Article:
What The Colonial Pipeline Ransomware Attack Says About Infrastructure Security

The ransomware attack against Colonial Pipeline is a stark warning of the cybersecurity threats faced by critical infrastructure.

What The Colonial Pipeline Ransomware Attack Says About Infrastructure Security

The ransomware attack against Colonial Pipeline that sent shockwaves throughout the U.S. economy and jacked up fuel prices across the country is a stark warning that ransomware and other cyberattacks continue to pose a significant threat our critical infrastructure.

Cybercriminals were emboldened in 2020 as organizations were dealt an increased attack surface with employees working from everywhere with a larger-than-ever dependency on technology to do their jobs. Ransomware was especially prevalent, with some reports suggesting that ransomware attacks increased by over 700%, according to a mid-year 2020 Bitdefender report.

If the IT professionals charged with securing our critical infrastructure haven’t already opened their eyes to this alarming trend, then they should now, says James Carder, chief security officer at cybersecurity firm LogRhythm, a seasoned IT security professional with more than two decades of experience working for Fortune 500 companies and U.S. agencies.

“Ransomware is an interesting one because it it’s not custom-built for certain industry verticals or certain companies sizes or whatever the case is,” Carder says. “There’s universal applicability.”

What happened to Colonial Pipeline and why it matters to you

Colonial Pipeline, the largest pipeline operator in the U.S. and one of the main suppliers of fuel to the East Coast, was hit on May 7 with ransomware from the ransomware-as-a-service group DarkSide, and the company’s systems were taken offline to prevent further intrusion. How the group initially gained access into the company’s network is still being investigated.

The company restored operations on May 13, but that came at a cost.

According to news reports, the company paid upwards of $5 million in ransom to the hacking group.

Just a few days later, DarkSide said its sever and cryptocurrency were seized by an unknown country, and the group said it would cease operations.

Other research indicates that DarkSide took in just over $90 million in Bitcoin ransom payments from 47 different wallets over just nine months – not a bad way to make a living.

While the debate about whether organizations should pay a ransom to have their data back safe and sound continues, the decision for Colonial was a hard – but necessary – one to make.

“There were significant downstream ramifications of this,” Carder says, adding that the entire U.S. economy could have been thrown into a downward spiral if a leading supplier of fuel to the East Coast couldn’t deliver.

A wake up call for infrastructure IT pros

According to Carder, attacks against critical infrastructure should be a wake-up call for the entire IT community, especially those tasked with protecting critical infrastructure like fuel and water.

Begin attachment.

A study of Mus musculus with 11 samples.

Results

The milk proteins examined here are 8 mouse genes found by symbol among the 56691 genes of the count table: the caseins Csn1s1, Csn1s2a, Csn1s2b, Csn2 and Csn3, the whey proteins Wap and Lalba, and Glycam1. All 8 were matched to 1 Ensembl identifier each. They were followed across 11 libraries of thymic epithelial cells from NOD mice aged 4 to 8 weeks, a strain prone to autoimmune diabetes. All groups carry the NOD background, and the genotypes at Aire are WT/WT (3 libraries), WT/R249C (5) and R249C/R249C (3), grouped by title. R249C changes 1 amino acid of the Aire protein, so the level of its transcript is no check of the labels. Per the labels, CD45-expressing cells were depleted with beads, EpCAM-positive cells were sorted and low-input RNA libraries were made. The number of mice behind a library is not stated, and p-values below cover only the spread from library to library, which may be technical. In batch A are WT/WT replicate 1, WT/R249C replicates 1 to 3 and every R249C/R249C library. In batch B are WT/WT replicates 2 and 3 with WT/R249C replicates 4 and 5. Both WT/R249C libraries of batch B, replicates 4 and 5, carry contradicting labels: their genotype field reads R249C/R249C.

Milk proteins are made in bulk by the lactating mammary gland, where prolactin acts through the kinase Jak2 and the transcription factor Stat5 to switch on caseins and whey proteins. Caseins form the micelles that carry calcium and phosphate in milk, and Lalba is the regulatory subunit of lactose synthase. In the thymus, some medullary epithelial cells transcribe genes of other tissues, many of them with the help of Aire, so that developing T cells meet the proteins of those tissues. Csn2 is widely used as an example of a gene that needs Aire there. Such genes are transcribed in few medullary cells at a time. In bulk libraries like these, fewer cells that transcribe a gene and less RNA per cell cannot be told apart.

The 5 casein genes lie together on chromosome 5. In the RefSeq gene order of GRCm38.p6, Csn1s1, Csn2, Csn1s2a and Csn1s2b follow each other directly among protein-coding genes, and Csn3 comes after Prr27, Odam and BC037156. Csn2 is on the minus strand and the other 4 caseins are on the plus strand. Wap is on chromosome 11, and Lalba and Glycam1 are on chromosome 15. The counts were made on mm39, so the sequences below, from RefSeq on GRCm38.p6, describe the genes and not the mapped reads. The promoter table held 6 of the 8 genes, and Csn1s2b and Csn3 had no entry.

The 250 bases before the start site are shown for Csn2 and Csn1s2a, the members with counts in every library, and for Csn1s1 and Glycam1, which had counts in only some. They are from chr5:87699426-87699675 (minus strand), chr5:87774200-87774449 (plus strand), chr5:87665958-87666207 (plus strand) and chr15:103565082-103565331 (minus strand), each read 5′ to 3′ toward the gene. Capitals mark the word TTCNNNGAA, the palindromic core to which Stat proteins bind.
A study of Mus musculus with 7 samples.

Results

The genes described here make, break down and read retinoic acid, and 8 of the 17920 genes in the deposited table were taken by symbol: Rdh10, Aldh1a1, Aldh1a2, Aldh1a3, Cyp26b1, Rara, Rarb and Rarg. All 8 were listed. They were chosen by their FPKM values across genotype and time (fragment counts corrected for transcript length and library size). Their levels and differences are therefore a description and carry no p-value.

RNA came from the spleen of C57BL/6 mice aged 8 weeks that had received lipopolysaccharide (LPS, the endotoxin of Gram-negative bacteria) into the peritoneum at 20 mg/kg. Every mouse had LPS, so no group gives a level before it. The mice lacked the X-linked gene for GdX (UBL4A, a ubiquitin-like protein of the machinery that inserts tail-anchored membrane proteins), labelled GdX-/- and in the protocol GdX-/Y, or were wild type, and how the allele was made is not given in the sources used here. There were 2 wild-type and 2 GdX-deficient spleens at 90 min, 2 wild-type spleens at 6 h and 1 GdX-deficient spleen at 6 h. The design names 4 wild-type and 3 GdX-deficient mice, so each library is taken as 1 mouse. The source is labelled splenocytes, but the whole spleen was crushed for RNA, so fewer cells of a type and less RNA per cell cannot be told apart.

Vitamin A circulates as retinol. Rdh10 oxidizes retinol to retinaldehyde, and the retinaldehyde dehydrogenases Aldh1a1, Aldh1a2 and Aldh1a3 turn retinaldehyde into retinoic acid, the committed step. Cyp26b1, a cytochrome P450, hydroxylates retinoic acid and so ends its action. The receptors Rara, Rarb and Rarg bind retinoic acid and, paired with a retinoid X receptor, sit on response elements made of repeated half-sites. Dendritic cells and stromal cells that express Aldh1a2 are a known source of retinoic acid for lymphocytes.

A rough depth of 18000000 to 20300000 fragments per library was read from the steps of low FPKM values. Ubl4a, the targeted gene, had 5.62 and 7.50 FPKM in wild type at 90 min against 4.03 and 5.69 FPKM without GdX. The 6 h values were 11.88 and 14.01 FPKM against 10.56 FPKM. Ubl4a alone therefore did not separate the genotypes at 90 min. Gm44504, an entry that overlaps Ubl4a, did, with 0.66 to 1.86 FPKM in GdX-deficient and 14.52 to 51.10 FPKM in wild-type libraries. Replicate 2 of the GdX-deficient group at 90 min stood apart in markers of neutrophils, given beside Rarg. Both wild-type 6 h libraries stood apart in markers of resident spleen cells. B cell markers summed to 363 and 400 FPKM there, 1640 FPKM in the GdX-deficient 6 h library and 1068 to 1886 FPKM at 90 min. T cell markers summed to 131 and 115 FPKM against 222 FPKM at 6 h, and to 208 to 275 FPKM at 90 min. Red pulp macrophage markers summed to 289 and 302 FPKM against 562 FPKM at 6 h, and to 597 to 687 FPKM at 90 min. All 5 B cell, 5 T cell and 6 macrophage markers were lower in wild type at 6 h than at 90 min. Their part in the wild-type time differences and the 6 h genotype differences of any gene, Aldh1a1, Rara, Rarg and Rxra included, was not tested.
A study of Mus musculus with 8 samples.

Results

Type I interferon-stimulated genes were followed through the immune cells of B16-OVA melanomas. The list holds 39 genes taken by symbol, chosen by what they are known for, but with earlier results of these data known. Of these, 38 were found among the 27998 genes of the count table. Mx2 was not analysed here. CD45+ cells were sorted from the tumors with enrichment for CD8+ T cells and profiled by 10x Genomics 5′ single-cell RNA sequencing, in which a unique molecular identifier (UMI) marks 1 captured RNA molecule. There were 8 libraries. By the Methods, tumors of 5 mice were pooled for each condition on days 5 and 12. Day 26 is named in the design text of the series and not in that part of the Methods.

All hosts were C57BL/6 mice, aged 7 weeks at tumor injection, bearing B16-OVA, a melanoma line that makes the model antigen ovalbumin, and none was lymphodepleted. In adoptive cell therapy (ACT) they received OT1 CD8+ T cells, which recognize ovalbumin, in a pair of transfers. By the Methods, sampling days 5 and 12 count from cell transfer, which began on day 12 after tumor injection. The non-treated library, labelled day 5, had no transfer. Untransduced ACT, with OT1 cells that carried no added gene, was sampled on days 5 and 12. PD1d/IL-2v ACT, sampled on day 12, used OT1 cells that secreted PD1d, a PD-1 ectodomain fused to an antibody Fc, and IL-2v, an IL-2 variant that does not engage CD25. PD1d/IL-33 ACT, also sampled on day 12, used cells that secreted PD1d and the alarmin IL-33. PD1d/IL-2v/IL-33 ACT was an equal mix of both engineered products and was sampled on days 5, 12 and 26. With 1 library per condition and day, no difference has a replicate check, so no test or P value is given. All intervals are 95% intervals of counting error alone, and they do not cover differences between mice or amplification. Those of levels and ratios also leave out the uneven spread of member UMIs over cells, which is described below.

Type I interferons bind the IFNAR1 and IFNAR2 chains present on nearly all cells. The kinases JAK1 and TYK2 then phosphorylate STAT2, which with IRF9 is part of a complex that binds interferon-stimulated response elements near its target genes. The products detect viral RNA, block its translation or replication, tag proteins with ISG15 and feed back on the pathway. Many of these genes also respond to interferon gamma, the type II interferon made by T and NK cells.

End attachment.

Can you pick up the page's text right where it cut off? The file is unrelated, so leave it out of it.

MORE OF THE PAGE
“The main thing is just understanding that it could happen to anybody,” Carder says, citing the hack of a Florida city water treatment plant in which a malicious actor attempted to increase the level of a chemical that could have been harmful to thousands of residents.

Carder, who spent time working for cybersecurity company Mandiant investigating attacks against critical infrastructure and utility organizations, says attacks against those industries is more common than we think.

As technology catches up and more IT is introduced to the operational technology (OT) side of the equation, cybersecurity tends to fall by the wayside. Historically, critical infrastructure control systems and OT components have been “air gapped,” meaning it is isolated from unsecured networks.

“We’re starting to see that all go away as IT injects more and more into the OT side,” Carder says.

Critical infrastructure is now littered with smart technology like sensors that are on the network and report data back to the operators, which is making these organizations vulnerable. And, operators want to be able to remotely manage those systems, which is leading to an increased use in remote management software.

“The attacks and attack vectors and what is being used aren’t novel or unique,” carder says. “A lot of the times, it’s just a repeat of the attacks that have been working on the IT side.”

Innovation can sometimes come at the expense of cybersecurity, the latter of which is typically a few years behind.

“We’ve learned all these lessons on the IT side and innovation on just general corporate systems and technology on that side, and we just need to apply a lot of that over into the OT,” Carder says. “That just hasn’t been done.”

At the very least, invest in basic cybersecurity protections

As IT continues to merge with OT, organizations need to invest in the same cybersecurity solutions and practices that they implement throughout the corporate network.

While its unknown how DarkSide first infiltrated Colonial’s network, many cybercriminals do so through unpatched systems or phishing attacks. And, they attack the lowest-hanging fruit and seize cybersecurity lapses.

In the case of the Florida water treatment plant hack, the system was running on an unsupported version of Windows, workers shared a password and they used a popular remote access program to control the plant.

“I think part of that would have prevented is just to have some basic controls and basic IT hygiene and making sure you’re patching systems and backing things up and doing all the normal things that you would expect on the IT side of things, but applying it to the OT side as well,” Carder says.


This article premiered in CS sister publication MyTechDecisions.com.